BNP Paribas is one of the
main banks in Europe. It was created on 23 May 2000 through the
merger of Banque Nationale de Paris (BNP) and Paribas. Together
with Société Générale and Crédit Lyonnais it is one of the 'three old banks' of France. BNP Paribas is an universal bank and operates in three main business areas; retail banking, corporate investment banking and investment solutions.
An overview of BNP Paribas's sector policies can be found here.
benchmarked BNP Paribas's Human Rights policy and practice against the UN
Guiding Principles on Business and Human Rights in December 2014, giving the
bank a total score of 6 out of 12 (Policy commitment 4/4; Due
diligence commitment 1/3; Reporting 1/3; Access to remedy 0/2). For more
details, see the report "Banking
The policies of BNP Paribas have been reviewed by the Fair Finance Guide. The Fair Finance Guide assesses and scores bank policies on a wide range of issues against international standards of sustainability and human rights. Go here for the review in the Belgian Fair Finance Guide and here for the review in the French Fair Finance Guide.
Coal funeral at Deutsche Bank, BNP Paribas and ING
Jan 09, 2012 - On the 1st of March 2011, Netwerk Vlaanderen and its partner organisations in the Bankroet campaign buried coal in front of Deutsche Bank, BNP Paribas and ING, putting the dirty energy source where it belongs: under the ground. Netwerk Vlaanderen handed over more than 4.000 signatures against investments in coal-fired power plants to the respective banks. These banks are among the biggest financiers of coal-fired power plants in the Belgian banking sector.
Based on Les Amis de la Terre main reports on private finance, this educational website presents a profile of French banks, saving products and insurances, and aims at making individuals
aware of the social and environmental impacts of these financial institutions, and at encouraging them to get active in this area of crucial importance.
The website also includes a web calculator, for individual to be able to evaluate the carbon weight of their savings, and to show them how to reduce it by changing their choices of banks and savings products.
Funeral of coal at BNP Paribas, ING, Deutsche Bank
On Tuesday 1st March NGOs handed over 4,000 signatures to representatives of banks that are active on the Belgian market. The signatories of this petition asked the banks to end their investments in coal-fired power stations.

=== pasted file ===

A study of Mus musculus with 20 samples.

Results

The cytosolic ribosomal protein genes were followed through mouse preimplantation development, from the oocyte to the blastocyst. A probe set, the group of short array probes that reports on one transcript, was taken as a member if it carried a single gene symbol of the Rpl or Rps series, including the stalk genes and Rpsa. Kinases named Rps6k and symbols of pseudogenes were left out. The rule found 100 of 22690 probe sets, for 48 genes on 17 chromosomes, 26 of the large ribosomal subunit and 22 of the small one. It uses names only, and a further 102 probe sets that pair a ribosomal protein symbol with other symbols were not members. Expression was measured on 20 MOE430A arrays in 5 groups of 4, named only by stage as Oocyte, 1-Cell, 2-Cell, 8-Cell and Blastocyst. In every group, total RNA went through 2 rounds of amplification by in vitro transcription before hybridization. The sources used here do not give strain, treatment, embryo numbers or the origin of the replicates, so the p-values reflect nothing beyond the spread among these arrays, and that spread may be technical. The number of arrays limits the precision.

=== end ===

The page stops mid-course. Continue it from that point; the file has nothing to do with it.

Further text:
In April, BNP Paribas, Société Générale and Crédit Agricole all ruled out finance to coal mining projects in the Galilee Basin in Queenland, Australia. The planned new coal mine and port is expected to have devastating effects on the Great Barrier Reef, a World Heritage Site. Read more.
“Big Three” French banks rule out financing for Rampal coal project
In June, the three largest French banks, BNP Paribas, Crédit Agricole and Société Génerale, have said they will not finance the Rampal coal power project, on the edge of the Sundarbans mangrove forest in Bangladesh. The move comes six months after two Norwegian pension funds withdrew from India's National Thermal Power Corporation, one of the companies involved in developing the plant. Read more.
More US and European Banks step back from Mountaintop Removal
In 2013, BNP Paribas pledged to cut financing for top producers of mountaintop removal coal. In spring 2014, JPMorgan Chase updated its environmental policy committing to aggressively reduce its financing relationships with mountaintop removal coal mining companies. And in April 2014, Royal Bank of Scotland followed suit, updating their environmental policies to prohibit financing to companies who are "significant producers of coal using mountaintop removal (MTR) mining in Appalachia."
In March 2012 the Bulgarian government officially
announced the cancellation of the Belene nuclear power project. BankTrack
members had worked to stop the project as part of an international coalition
since 2006, when Western potential investors and financiers were approached for
the project. In 2010 BNP
Paribas withdrew from the project after years of campaigning by Les Amis de
la Terre and others. Other banks which came under pressure to stay out of the
project included Deutsche Bank, UniCredit, Citi and HSBC.